Attorney General Cameron Joins 20-State Coalition in Support of Law Requiring Abortion Doctors to Have Hospital Admitting Privileges

FRANKFORT, Ky. (Jan. 3, 2020) – Attorney General Daniel Cameron today joined 20 states in filing an amicus brief before the U.S. Supreme Court in June Medical Services, LLC v. Dr. Rebekah Gee.  The case centers on a Louisiana law that protects women’s health by requiring abortion doctors to have admitting privileges at a local hospital in the event of an emergency or complication resulting from the procedure.

The challenge to this health and safety-based regulation is brought by the Center for Reproductive Rights on behalf of a Louisiana abortion clinic and two abortion doctors.  In the amicus brief, Attorney General Cameron joins other states in arguing that it is imperative for states to make and enforce the laws and regulations regarding health and safety that govern abortion procedures. 

The brief also argues that abortion doctors and abortion facilities do not have standing to bring a lawsuit on behalf of patients.  This is an especially important issue because most abortion litigation is brought not by women, but by abortion doctors and clinics. The brief points out that the interests of doctors and facilities do not align with patients because doctors and facilities often focus on minimizing compliance costs, whereas patients are concerned primarily with their safety and well-being.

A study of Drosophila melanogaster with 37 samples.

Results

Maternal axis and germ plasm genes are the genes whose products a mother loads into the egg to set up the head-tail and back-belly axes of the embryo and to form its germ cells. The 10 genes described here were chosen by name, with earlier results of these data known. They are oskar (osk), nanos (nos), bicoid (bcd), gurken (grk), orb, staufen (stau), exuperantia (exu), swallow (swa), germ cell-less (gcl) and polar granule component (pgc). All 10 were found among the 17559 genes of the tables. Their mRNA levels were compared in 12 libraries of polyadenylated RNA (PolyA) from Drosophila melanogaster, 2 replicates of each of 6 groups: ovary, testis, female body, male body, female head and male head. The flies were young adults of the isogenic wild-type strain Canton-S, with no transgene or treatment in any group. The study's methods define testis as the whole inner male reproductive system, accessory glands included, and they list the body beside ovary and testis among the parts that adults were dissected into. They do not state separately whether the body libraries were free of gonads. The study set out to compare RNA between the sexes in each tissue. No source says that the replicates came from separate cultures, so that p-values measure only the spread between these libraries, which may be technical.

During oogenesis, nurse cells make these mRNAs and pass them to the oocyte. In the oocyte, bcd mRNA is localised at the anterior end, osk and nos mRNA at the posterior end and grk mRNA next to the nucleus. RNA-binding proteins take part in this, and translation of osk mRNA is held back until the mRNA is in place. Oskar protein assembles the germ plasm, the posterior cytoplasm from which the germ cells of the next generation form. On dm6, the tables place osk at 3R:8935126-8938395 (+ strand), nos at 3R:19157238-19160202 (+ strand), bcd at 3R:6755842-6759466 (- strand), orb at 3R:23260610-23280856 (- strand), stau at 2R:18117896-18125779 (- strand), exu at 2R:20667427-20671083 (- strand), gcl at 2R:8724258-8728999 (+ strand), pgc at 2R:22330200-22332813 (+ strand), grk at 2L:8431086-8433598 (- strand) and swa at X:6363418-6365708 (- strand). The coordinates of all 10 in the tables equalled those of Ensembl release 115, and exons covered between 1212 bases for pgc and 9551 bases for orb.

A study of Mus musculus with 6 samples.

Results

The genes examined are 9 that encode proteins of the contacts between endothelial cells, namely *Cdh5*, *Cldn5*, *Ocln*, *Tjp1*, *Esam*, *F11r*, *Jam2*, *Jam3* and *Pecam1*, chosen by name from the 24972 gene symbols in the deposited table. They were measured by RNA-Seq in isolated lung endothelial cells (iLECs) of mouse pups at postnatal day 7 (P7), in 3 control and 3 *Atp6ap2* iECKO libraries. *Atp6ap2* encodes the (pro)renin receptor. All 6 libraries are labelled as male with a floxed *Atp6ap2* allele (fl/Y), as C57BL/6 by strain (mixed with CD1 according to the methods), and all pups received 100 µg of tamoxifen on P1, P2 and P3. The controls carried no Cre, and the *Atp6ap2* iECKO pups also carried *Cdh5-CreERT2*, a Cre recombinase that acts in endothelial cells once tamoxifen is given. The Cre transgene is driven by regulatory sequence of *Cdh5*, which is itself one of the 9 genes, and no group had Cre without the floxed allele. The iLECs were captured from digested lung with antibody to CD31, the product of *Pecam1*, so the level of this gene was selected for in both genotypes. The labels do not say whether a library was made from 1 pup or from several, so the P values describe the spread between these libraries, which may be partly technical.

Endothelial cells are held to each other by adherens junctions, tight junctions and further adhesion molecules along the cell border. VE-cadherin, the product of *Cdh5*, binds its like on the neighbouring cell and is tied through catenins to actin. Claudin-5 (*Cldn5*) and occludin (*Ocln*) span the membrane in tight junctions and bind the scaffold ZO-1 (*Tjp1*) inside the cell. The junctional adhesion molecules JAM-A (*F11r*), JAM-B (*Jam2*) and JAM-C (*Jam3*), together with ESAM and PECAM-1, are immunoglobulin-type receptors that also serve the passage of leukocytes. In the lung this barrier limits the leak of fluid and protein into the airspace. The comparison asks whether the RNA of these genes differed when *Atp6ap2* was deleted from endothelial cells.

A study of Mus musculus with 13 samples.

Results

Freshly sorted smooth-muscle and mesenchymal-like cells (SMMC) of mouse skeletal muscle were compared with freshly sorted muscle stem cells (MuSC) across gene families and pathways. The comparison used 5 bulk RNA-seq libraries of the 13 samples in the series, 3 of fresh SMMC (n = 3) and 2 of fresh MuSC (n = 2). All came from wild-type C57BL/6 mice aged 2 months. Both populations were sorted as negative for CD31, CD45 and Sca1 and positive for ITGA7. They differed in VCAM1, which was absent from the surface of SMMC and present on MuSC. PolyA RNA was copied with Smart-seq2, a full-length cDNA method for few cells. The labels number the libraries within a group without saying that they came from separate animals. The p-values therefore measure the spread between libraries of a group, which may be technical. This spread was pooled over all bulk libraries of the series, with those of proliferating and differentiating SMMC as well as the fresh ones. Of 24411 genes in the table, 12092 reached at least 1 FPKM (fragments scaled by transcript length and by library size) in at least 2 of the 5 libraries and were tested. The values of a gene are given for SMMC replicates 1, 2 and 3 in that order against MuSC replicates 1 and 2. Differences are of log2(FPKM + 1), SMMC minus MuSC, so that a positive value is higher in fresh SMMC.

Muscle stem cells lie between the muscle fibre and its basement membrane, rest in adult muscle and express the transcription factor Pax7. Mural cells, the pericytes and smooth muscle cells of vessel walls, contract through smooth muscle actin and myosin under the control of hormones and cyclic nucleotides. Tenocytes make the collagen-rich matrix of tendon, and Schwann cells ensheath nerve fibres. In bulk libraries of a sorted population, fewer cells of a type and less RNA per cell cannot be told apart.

“We cannot allow the self-interested motives of abortion providers and facilities to dictate the circumstances under which abortion procedures are performed,” said Attorney General Cameron.  “If Louisiana’s commonsense law is overturned, it will set a dangerous precedent that allows the very industry that profits from abortions to now regulate abortions and determine what is safe for pregnant women.”

The brief notes that abortion-related cases “have become vehicles by which abortion practitioners and facilities attack health-and-safety regulations designed to protect women—the same women whose rights the practitioners claim to invoke—from the practitioners themselves.”

Some of Kentucky’s pending abortion-related litigation concerns statutes designed to protect the health and safety of women, including Kentucky’s transfer-agreement law.  These challenges to Kentucky’s pro-life laws are brought not by Kentucky women, but by the state’s sole abortion clinic, EMW Women’s Surgical Center and its owner and doctors.  In 2017, the EMW clinic in Lexington closed after a lawsuit raised concerns about the health and safety of women at the clinic.

The brief cites several recent examples of malfeasance by abortion practitioners, such as Ulrich Klopfer of Indiana, who seemingly advocated for the interests of patients while maintaining horrific health practices.  Klopfer was known for championing abortion rights, presumably on behalf of patients, while simultaneously amassing thousands of remains of unborn children in his home and car.

The Supreme Court will hear the June Medical Services case in March.  Attorneys General from Arkansas, Alabama, Arizona, Florida, Georgia, Indiana, Kansas, Mississippi, Missouri, Montana, Nebraska, North Dakota, Ohio, Oklahoma, South Carolina, South Dakota, Tennessee, Utah, and West Virginia joined General Cameron in signing the brief.

A copy of the brief is available here.